Deep Eukaryotic Phylogeny
The development of technology for sequencing genes has revolutionized evolutionary biology. By comparing the gene sequences of distantly related organisms, we are now able to reconstruct their genealogy (phylogeny). A "tree of life" derived from comparisons of the small subunit ribosomal RNA (SSU rRNA) genes indicates that the living world can be divided into three major groups: the Eukaryota (with nucleated cells), the Archaebacteria and the Eubacteria (both with non-nucleated cells).
Eukaryotes include the multicellular kingdoms of animals, plants, fungi and a myriad of single-celled organisms, the protists. The SSU rRNA gene three of eukaryotes indicates that several protist groups with simple cell structures diverged first, followed by a series of branches leading to a vast radiation of multicellular and protistan organisms. However, this picture of early evolution is increasingly challenged by new data. Trees of genes encoding proteins conflict with the rRNA-based phylogeny in reconstructing the deepest relationships amongst eukaryotes. Moreover, recent studies indicate that the deep structure of the SSU rRNA and protein trees of eukaryotes could be dominated by artifacts arising from inadequacies in our tree-building methods. These problems hint that single gene trees of eukaryotes may be inadequate. In this proposal we will address these problems in two ways:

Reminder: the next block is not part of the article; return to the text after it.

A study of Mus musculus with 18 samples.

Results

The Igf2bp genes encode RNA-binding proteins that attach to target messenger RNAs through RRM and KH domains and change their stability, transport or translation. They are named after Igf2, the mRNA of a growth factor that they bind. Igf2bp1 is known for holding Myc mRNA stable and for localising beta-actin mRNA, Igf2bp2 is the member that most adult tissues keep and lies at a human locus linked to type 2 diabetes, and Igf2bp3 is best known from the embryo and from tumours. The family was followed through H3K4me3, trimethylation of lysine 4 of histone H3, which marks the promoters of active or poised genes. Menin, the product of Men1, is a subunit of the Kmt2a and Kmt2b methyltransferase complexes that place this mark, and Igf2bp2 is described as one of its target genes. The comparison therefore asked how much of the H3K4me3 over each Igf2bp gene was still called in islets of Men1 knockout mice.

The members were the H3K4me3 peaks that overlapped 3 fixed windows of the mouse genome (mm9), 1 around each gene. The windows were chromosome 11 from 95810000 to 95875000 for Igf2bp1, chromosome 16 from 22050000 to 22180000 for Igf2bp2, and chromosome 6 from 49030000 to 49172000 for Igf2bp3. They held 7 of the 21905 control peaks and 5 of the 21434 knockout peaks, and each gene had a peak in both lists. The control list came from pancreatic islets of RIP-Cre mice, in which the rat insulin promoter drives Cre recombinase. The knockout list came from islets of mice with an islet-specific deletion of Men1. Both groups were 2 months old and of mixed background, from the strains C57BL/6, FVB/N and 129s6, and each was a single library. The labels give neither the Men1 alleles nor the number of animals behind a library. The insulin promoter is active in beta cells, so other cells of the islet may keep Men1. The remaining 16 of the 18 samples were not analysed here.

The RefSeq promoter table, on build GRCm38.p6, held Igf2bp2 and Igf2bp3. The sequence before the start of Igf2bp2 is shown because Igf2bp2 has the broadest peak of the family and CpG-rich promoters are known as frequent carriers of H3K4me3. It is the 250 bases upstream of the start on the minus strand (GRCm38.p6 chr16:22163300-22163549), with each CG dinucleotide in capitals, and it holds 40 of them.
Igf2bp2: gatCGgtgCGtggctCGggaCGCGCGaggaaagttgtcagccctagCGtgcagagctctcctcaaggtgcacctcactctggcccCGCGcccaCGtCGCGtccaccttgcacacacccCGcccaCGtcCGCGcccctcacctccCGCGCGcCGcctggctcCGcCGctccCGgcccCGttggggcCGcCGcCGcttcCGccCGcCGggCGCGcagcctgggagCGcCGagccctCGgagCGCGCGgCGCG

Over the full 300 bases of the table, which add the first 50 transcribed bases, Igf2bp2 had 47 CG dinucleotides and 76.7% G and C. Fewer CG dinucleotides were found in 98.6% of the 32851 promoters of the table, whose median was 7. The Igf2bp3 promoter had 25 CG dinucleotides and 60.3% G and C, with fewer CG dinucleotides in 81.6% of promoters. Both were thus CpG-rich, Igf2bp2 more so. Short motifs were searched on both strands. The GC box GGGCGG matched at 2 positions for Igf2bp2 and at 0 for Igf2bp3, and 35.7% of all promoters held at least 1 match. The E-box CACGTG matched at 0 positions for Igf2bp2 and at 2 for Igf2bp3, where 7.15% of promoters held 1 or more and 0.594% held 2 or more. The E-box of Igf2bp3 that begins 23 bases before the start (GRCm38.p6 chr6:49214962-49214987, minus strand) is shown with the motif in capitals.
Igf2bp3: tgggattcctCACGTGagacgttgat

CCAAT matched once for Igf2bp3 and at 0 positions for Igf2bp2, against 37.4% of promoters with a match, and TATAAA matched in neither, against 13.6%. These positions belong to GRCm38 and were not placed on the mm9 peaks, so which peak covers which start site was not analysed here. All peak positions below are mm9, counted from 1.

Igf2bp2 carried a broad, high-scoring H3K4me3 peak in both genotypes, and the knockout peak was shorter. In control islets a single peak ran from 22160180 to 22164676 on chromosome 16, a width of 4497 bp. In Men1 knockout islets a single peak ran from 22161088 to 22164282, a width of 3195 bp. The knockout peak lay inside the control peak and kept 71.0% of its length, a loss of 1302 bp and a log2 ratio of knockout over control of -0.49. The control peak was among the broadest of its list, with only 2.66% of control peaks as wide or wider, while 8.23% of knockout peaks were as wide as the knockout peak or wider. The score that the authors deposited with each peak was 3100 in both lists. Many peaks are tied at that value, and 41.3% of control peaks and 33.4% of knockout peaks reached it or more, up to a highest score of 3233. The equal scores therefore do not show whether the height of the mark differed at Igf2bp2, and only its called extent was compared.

First, we will obtain the sequences of three additional protein genes from a variety of well-described and newly-discovered protists that are potentially deeply-branching. By combining these sequences with several other gene sequences from these organisms, we can assemble a large multi-gene dataset containing much more information than previously available. Sophisticated analyses of this information-rich dataset will then be performed to derive a more robust tree of eukaryotes.
Second, we will systematically investigate to what degree the deep structure of molecular trees of eukaryotes (and conflict between these trees) is due to tree-building artifacts. To accomplish this, we will develop and apply new computational methods to identify, and correct for, known sources of error in individual and combined gene phylogenies of eukaryotes.
These studies will lead to a better understanding of the early history of life on Earth, the causes of conflicts between deep molecular phylogenies, and the forces that influence molecular evolution on the deepest level.